One recent summer evening I set out for a walk with our dog Dolly. My neighbor, kitty corner across the street, has two energetic little boys, and the family goes out after dinner, the parents walking, and the little boys riding their bicycles. The boys ride far ahead of their parents most days, and coming upon them, I felt shocked to hear the boys chanting, “Oh, no! It’s Dog and Old Lady!” I looked around, and realized it was ME they were chanting about!
My first thought was, “I don’t FEEL like an old lady!” Coming up to them, I responded, “I’d rather be an old lady than a little boy right now!” Many, MANY reasons why were running through my head: (1) What kind of a world will our children inherit? We’ve got all these climate changes and environmental changes; and (2) I don’t FEEL like an old lady!; and (3) I’m so glad the mistakes of my life are behind me instead of ahead of me! I sure don’t want to do them over!; and (4) I don’t FEEL like an old lady!
The boys had stopped bicycling and were eyeballing me like the monster that had crawled out from under the bed while their mom caught up to them. I was remembering the old lady who lived across the street from me when I was the boys’ age. She was a former farmer who kept bees, and she always had something interesting to do or to show us. I certainly never eyeballed her like these two little man-people were eyeballing me now, like I was some kind of giant slug. And she had a name. She wasn’t “Old Lady,” she was Mrs. Woodworth.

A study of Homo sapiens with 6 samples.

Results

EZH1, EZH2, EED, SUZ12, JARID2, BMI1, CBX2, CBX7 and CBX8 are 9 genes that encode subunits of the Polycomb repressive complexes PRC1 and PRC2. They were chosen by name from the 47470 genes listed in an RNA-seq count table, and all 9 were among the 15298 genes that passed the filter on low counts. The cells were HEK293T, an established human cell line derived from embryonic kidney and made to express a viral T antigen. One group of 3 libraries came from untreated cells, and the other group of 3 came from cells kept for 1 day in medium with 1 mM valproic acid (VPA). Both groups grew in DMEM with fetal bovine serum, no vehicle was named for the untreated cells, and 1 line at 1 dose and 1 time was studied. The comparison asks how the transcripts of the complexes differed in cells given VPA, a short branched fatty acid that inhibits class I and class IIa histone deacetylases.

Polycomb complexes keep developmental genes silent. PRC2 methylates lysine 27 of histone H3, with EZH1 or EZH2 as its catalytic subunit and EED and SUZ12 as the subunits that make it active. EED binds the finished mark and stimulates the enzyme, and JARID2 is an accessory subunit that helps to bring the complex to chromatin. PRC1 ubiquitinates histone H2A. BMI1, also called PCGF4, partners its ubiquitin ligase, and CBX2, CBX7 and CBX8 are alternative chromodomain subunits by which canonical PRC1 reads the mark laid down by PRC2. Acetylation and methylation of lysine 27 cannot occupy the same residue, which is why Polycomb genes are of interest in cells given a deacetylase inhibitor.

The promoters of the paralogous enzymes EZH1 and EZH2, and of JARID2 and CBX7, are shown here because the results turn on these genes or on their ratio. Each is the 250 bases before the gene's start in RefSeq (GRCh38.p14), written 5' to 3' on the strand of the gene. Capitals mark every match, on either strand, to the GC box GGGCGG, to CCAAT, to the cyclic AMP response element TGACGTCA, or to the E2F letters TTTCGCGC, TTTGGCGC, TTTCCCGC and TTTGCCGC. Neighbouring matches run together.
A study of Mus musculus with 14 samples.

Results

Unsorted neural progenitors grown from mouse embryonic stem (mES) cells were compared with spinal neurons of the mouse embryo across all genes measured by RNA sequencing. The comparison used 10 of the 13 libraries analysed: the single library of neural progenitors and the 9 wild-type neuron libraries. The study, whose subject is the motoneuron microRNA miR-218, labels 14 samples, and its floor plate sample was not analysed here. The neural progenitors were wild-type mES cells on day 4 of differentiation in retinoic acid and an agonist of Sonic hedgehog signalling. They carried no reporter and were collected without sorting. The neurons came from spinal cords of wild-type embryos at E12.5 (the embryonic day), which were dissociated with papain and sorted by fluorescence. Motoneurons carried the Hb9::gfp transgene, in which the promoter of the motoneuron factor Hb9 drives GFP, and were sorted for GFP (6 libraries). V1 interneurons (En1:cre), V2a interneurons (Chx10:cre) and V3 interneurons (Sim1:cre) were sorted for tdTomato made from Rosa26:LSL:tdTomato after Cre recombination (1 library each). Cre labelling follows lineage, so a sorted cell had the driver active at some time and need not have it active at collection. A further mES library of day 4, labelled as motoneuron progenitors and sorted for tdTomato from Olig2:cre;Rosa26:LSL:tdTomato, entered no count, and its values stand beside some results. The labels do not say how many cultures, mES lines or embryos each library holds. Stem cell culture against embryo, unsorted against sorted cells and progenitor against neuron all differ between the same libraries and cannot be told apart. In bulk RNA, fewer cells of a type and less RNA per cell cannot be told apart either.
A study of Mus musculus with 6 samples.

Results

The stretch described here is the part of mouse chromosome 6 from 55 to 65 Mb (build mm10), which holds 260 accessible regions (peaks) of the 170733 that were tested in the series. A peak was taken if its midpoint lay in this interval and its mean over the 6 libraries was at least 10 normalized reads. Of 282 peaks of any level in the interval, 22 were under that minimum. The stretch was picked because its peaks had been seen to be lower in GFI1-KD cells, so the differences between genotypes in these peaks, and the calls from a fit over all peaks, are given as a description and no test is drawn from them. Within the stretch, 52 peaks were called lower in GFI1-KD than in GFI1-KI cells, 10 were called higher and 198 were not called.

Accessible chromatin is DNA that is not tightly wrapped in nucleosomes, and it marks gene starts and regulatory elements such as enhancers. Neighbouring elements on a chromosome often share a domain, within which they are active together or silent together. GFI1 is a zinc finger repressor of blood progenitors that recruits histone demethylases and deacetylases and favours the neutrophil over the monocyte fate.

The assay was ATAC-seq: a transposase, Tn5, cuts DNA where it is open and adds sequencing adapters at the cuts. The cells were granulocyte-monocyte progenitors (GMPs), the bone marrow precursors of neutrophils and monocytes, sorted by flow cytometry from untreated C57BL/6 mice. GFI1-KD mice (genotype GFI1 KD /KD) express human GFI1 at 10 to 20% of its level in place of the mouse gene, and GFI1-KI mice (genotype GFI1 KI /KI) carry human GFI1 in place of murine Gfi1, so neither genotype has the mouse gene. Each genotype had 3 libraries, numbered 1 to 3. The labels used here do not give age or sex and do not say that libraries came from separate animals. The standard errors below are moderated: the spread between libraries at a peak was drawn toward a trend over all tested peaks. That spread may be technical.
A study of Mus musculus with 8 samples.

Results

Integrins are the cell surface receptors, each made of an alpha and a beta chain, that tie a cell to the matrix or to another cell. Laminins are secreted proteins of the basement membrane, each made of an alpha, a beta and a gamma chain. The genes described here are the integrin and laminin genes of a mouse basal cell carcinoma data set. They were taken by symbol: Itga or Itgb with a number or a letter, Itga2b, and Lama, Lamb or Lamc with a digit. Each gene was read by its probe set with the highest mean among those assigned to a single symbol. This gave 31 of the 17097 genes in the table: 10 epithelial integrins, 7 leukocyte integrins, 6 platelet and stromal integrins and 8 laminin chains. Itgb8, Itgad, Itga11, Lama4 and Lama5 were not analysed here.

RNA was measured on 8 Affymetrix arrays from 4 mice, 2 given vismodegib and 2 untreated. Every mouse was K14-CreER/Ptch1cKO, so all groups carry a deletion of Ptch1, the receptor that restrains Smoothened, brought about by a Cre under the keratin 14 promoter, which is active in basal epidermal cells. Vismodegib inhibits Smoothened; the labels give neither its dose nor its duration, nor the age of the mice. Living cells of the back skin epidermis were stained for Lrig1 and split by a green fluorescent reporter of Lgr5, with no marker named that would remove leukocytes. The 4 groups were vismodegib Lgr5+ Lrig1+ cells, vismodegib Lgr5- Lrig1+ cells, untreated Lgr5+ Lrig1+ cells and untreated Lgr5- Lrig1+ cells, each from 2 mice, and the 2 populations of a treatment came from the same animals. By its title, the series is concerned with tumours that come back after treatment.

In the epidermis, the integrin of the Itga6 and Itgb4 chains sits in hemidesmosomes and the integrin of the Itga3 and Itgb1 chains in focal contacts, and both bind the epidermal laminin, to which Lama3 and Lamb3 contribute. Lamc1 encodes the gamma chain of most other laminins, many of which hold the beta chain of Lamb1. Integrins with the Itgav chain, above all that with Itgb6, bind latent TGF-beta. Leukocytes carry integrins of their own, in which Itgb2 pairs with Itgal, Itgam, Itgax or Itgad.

The boys’ mom had caught up by now, and she was holding her large dog on his leash as I was holding my large dog on her leash, each trying to pull toward the other, but we adults mindful of social distancing. The mom was embarrassed and could not apologize enough for the boys’ behavior. By this point, I was feeling more bemused than shocked, and answered, “They’re right. I am an old lady, but I sure don’t feel like one!” But mom was more upset about the boys’ rudeness than anything else. She asked them, “Can’t you just say hello to Mrs. Susan?”
I went home to my husband and told him about the incident. Alan is always good for another perspective. He asked me if I remembered how I felt about elderly people when I was young. I scratched my head, and I said, “You know? I’m ashamed to admit it now, but when I was young I thought that older people were rather slow and stupid. I did not realize that they had valuable life experiences that I lacked.”
Alan said, “Exactly! I have learned that each generation comes into life with its own lessons, and they don’t want to hear from us how to conduct their lives!” He said that, as I am mindful about my own son making a decision for his life to join the military without really discussing it with his dad and I. These young men will inherit the world as it is, and there is not much I can do about that. But I can still have some fun while I’m in it.
So the next time Dolly “Dog” and I “Old Lady” came upon the young men chanting “Oh, no! It’s Dog and Old Lady,” I played with it. I walked halfway across the street (mindful of social distancing) and chanted, “Oh, no! It’s two boys on bikes!” They loved it! They smiled. And the time after that? They both said, very politely, “Hello, Mrs. Susan!”